Free-market capitalism is supposed to be hard-wired into Tory DNA; the Conservative constant in an ever-changing world. But in the rush to appease interest and focus groups alike, Tory spending plans have started to look not much different from Corbynite ones.
Last week the Institute for Fiscal Studies laid out in stark terms how far the Tories had moved from their platform of fiscal prudence. The think tank said that the government was “adrift without any fiscal anchor” and could no longer afford tax cuts. Moreover, it reached the remarkable conclusion that the Tories were planning to spend almost as much on public services as Labour.
That’s not to say there weren’t important differences. Comparing the two parties, the IFS seemed to assume, somewhat strangely, that John McDonnell’s economic programme would be better for growth. While it did note that renationalisation was expensive, Jeremy Corbyn’s hard-left commitments to policies such as expropriating 10 per cent of shares received little analysis. For now, at least, the Tory party is still standing up for private enterprise.
For taxpayers, though, that’s the bare minimum they expect from the party of Margaret Thatcher. The tax burden is at a 50-year high and, despite not topping the polls as the most important issue for voters, tax is creeping up the agenda. Pursuing a fiscal policy that plays to that of his left-wing opponents will ultimately leave the prime minister exposed, and Tory candidates playing catch-up.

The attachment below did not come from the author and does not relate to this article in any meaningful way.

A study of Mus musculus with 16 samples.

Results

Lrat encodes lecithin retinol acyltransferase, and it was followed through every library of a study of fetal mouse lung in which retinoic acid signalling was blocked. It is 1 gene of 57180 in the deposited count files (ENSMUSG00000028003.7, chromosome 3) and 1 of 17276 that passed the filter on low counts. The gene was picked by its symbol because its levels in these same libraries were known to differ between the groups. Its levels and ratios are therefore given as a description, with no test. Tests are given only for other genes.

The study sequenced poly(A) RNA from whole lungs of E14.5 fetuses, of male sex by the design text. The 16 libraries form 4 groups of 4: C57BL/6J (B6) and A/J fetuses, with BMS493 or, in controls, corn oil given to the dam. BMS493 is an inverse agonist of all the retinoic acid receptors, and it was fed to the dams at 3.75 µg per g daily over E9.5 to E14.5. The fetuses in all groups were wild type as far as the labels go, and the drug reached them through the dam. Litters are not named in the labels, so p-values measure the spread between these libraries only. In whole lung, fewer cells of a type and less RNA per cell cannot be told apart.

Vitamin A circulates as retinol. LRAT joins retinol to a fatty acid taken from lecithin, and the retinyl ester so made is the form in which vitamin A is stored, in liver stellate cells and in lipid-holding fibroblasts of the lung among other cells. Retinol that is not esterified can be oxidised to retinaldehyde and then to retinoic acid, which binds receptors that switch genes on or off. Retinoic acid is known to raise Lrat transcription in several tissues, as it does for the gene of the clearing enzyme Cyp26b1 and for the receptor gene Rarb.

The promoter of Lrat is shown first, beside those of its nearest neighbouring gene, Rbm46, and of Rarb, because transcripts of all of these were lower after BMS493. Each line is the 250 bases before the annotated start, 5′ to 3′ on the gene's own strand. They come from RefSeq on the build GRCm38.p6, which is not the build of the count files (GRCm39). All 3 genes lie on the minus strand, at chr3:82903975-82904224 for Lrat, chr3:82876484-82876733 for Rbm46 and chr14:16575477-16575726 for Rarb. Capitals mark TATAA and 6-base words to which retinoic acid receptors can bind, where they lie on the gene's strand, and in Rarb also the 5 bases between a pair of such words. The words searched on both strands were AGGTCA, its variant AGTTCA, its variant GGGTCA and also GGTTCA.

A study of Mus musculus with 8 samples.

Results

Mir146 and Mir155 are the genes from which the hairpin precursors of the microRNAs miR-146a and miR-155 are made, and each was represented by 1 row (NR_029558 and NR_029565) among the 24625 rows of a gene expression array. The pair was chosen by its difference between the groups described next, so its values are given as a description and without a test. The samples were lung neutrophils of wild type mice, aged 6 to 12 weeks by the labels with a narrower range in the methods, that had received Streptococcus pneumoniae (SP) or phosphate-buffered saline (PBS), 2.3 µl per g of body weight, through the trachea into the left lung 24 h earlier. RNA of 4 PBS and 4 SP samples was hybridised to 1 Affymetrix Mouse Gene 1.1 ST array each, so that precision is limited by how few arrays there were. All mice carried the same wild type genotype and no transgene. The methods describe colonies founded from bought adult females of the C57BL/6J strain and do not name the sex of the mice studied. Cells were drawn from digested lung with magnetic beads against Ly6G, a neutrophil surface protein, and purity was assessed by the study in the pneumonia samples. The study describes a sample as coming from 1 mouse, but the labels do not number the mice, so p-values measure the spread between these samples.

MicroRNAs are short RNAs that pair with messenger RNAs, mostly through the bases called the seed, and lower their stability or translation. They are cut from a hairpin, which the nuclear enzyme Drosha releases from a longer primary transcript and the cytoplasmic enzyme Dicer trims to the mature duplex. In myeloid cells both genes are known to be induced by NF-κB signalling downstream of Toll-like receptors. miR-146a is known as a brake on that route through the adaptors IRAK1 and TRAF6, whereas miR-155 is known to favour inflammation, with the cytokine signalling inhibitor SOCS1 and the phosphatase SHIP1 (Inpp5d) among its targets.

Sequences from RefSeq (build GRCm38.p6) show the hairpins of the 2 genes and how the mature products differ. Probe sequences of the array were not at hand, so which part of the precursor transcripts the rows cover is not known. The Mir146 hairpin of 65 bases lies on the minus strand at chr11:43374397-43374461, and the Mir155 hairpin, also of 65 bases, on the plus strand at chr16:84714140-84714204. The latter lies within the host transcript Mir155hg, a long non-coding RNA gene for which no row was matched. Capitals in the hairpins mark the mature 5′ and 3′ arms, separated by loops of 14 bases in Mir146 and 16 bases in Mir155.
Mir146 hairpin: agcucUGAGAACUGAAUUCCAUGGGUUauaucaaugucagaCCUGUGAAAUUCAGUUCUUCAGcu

The IFS suggested that Britain was destined for Brexit-induced economic doom. It warned of serious slowdown, plummeting business investment and a descent into fiscal profligacy. We offer an alternative view. While the Taxpayers’ Alliance does not take a position on whether or not the UK should leave the EU, we know that, in any scenario, taxpayers’ interests must be represented. In the event of the UK leaving the EU without a withdrawal agreement, rather than spending more taxpayers’ money, fiscal policy should be targeted at enhancing growth, productivity and business confidence.
Last week we published a package of reforms in five key taxes, including income and corporation tax, to promote a competitive and pro-enterprise economy with benefits for everyone, no matter how they voted in the 2016 referendum. Splashing the cash and surrendering to the cause of ever-greater spending is not in the Tories’ interests. In their hearts, they know it. And if voters work that out too, there won’t be a Thatcher-sized majority waiting for them after the election, whatever kind of Brexit they go for.